In a recent article David Hayes called Yes Scotland the ‘umbrella of the SNP-dominated pro-independence campaign’. Nothing’s more galling than holding someone else’s umbrella, especially if it takes most of your effort to stop it flapping to pieces. This year we have spent too much of our time shielding SNP leaders from bad media weather as they move from stage to stage of their own set-pieces. If we get rained on that’s too bad; we’re just holding the umbrella.
Another writer, Neal Ascherson, said the many-coloured hopes of the people are like birds following the SNP trawler. It’s true that for too much of the last year we’ve all been diving around in the SNP’s wake. Common Weal, Radical Independence, Green Yes, National Collective, Nordic Horizons, Labour for Independence have been following the SNP’s strategy of appeal to personal economic interests and social advancement. All these interests come together in a great national consensus that puts ‘all of us first’, in the slogan of one of the larger birds snapping up the entrails of social democracy left behind by the SNP.
The SNP offers to make everyone’s life a little better. Optimism of the individual will fuel Yes Scotland and the SNP’s campaign, but takes the left nowhere.
2013 was the year we were meant to leave the mainstream, and capture the people’s imagination in a way the SNP can’t because they’re boring and nationalist. Instead, thrilled by all the attention and impressed by the social democratic rhetoric of the nationalists and its agents, left groups have delighted in influencing the Scottish Government, setting out to achieve popular support but gaining only self-importance.
The left before this long campaign used to be about big forceful marches and struggling to win real gains for working people. Where now are the traditional signs of left excitement: cells, mass placarding or illegal activity? The kind of demands that make the rich shudder and ex-Militant pensioners sit up and listen? The kind of language that recognizes life is a struggle, and the kind of planning that required coordination of thousands? There is none of this – no plan to deliver a million leaflets, or even print a newspaper, just reliance on spontaneity that would have made Lenin laugh with contempt.
The utopian grandstanding looks north to other countries, not at the lives of people here. And outwith town-hall meetings there is hardly a feeling of a movement. This was year an established left became the left establishment of conferences and compromises. Parliamentarism is already haunting those who grasp to revive the SSP’s former glory in the Scottish Parliament. There is no call to build up any party’s membership – partly because the Scottish Parliament seems suitably winnable without all that.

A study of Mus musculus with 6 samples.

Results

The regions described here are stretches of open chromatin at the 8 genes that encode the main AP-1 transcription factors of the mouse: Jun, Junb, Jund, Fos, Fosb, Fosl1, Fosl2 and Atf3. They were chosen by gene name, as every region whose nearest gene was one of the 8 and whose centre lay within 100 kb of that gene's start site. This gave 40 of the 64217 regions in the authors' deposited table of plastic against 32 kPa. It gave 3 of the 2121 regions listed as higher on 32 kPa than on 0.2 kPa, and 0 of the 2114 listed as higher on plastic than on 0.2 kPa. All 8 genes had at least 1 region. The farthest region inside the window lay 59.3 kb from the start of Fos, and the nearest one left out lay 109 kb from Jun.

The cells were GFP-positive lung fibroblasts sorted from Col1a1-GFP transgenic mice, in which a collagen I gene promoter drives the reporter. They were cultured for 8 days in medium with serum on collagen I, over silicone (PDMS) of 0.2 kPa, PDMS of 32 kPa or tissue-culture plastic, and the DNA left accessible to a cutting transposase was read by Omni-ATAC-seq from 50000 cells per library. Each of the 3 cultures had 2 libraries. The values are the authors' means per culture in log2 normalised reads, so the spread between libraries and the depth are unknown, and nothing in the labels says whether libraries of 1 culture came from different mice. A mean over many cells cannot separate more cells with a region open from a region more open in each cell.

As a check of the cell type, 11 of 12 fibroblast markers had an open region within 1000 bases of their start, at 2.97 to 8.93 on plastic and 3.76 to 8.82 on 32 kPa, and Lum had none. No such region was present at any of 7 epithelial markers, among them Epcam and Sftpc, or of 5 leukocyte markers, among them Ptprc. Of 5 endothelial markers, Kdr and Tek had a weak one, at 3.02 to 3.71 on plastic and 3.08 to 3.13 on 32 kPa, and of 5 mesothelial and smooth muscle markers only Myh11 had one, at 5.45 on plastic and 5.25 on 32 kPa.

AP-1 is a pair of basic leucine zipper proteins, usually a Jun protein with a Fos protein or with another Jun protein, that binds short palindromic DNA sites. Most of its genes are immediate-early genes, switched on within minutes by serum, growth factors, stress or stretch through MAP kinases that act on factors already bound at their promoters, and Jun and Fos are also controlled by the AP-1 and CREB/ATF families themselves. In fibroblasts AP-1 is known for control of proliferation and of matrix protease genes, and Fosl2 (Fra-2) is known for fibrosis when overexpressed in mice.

If there had been no Scottish Parliament, and this was a civil society campaign for independence, there would be more sense of the campaign being a movement of the left. But too many people, especially young people, are already thinking about future elections. The left seems too keen to make everything seem easy, whereas it is more convincing when it makes things seem really difficult. In spite of its cynicism, or perhaps because of it, Labour manages to speak to those who know it’s not all that simple – and it reminds people, rightly, that on the SNP’s terms constitutional change isn’t radical change.
What should we be doing instead? The left likes to think we are the ones to create a climate of momentum and promise a bright future, working long days and evenings to build up optimism across the country, and using the crisis to change the conditions of life. But it’s too late for all that.
We can’t direct the wind but we can adjust our sails. Large billowing sheets of red – that’s what we should have by now, with Yes Scotland the many-coloured flagship of an unlikely armada. The SNP don’t need our help. To put it in numbers: the SNP are capable of reaching around 35% of voters who generally support their sentiment and ambitions. But we need to win another 8%, and this group needs to see something different coming, something at once radical and recognizable.
Once we leave the stewardship of Salmond we can show people how the Labour movement will flourish with independence. We can campaign for higher wages for the poor and higher taxes for the rich, a corporation tax rise and a hard line on tax-evasion; for Scotland to be a republic, for Scotland not to enter NATO’s imperial wars or carry its weapons of mass destruction and death.
This is the happy new year we leave the SNP to fly on a rough wind with none of the compromises that bourgeois nationalism demands, and with one end in sight: a Labour government in an independent Scotland.